Obama's Historic Day of Clemency
The president on Wednesday commuted the sentences of 214 federal inmates.
President Obama has commuted the sentences of more than 200 people, a move the White House hailed as the most grants of presidential clemency in one day in more than a century.
The White House said Wednesday 214 people convicted of federal crimes had their sentences commuted. Many of them were convicted of nonviolent drug-related crimes.
“Today began like any other for 214 federal inmates across the country, but ultimately became a day I am confident they will never forget,” White House Counsel Neil Eggleston said in a statement. “This morning, these individuals received a message from the President: your application for clemency has been granted.”
Obama’s commutations came amid a broader effort by his administration to reduce excessive sentences in the federal criminal-justice system. With more than 200,000 inmates currently housed in federal prisons, Wednesday's announcement won't significantly reduce the federal prison population. But for the hundreds of inmates whose sentences were shortened, the president’s move is life-changing.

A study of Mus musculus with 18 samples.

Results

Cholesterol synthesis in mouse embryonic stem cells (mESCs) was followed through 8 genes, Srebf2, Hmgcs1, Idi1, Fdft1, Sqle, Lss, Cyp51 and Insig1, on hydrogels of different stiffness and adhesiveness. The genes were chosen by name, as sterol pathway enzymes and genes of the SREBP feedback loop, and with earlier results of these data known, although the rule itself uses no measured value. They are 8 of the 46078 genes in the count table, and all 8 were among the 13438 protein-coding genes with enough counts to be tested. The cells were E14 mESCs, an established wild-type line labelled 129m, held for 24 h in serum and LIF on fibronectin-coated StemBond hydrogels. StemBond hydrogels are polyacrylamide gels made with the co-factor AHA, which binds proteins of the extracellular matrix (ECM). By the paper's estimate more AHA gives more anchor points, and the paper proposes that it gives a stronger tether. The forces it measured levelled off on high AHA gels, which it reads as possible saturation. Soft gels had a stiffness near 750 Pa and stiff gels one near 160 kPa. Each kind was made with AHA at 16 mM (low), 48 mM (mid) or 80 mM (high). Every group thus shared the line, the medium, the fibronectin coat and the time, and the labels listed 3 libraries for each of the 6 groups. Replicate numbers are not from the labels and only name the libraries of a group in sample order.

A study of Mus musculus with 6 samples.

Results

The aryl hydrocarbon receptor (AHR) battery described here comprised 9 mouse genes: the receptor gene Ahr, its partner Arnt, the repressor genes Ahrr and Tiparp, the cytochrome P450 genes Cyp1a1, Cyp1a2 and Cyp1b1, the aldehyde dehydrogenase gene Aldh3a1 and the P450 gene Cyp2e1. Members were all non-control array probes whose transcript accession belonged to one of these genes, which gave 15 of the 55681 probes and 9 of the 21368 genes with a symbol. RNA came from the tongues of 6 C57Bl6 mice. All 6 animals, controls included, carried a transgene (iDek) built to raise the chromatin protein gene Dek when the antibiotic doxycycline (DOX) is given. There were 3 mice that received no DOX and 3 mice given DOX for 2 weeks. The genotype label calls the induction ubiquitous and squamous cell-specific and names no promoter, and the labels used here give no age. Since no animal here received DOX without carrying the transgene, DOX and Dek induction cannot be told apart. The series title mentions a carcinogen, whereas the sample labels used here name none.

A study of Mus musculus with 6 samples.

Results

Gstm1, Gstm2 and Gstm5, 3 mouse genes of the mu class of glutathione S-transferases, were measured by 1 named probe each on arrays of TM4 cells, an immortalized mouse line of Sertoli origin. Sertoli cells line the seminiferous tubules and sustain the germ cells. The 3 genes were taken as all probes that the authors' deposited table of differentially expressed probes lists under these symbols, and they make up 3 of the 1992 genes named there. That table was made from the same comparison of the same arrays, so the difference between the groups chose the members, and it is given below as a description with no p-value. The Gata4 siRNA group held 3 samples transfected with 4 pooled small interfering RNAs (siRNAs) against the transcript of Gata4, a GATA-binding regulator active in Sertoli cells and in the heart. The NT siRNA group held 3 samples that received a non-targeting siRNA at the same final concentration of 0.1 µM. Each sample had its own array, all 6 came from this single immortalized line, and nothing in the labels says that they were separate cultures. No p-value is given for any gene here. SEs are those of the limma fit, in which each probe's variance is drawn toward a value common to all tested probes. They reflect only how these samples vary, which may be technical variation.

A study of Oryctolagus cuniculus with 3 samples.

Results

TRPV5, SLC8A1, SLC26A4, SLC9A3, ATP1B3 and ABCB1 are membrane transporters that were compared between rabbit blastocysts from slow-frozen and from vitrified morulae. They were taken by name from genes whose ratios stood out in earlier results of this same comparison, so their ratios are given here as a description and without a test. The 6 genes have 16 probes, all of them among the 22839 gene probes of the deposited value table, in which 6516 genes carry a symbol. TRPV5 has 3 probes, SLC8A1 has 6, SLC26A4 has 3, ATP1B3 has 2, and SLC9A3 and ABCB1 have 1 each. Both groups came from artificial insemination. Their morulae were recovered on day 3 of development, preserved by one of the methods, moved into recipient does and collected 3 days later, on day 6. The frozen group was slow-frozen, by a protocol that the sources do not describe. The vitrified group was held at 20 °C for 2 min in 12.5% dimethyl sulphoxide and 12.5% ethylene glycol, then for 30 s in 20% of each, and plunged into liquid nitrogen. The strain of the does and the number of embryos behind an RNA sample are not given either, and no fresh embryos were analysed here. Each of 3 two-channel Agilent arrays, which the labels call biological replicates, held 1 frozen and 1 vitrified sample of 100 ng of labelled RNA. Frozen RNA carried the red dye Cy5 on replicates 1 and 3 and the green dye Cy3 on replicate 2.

While many of Wednesday’s commutations mean that those people will be released from prison by the end of the year, the 214 commutations take a variety of forms. Some people have their sentences merely reduced, but they will continue to be imprisoned for the near term. Others have release dates set for a year or two from now. Some of the commutations include conditions, including enrollment in a residential drug treatment program.
Under the Constitution, the president enjoys unfettered power to commute and pardon the sentences of people accused and convicted of federal crimes. Most modern presidents defer to the U.S. Pardon Attorney, a Justice Department official, when choosing eligible recipients.
Criminal-justice activists have frequently criticized the office as a bottleneck in the pardoning system. To accelerate the process, Obama supported a project in 2014 by the Justice Department and a small army of volunteer lawyers to separately review tens of thousands of pardon requests before he leaves office.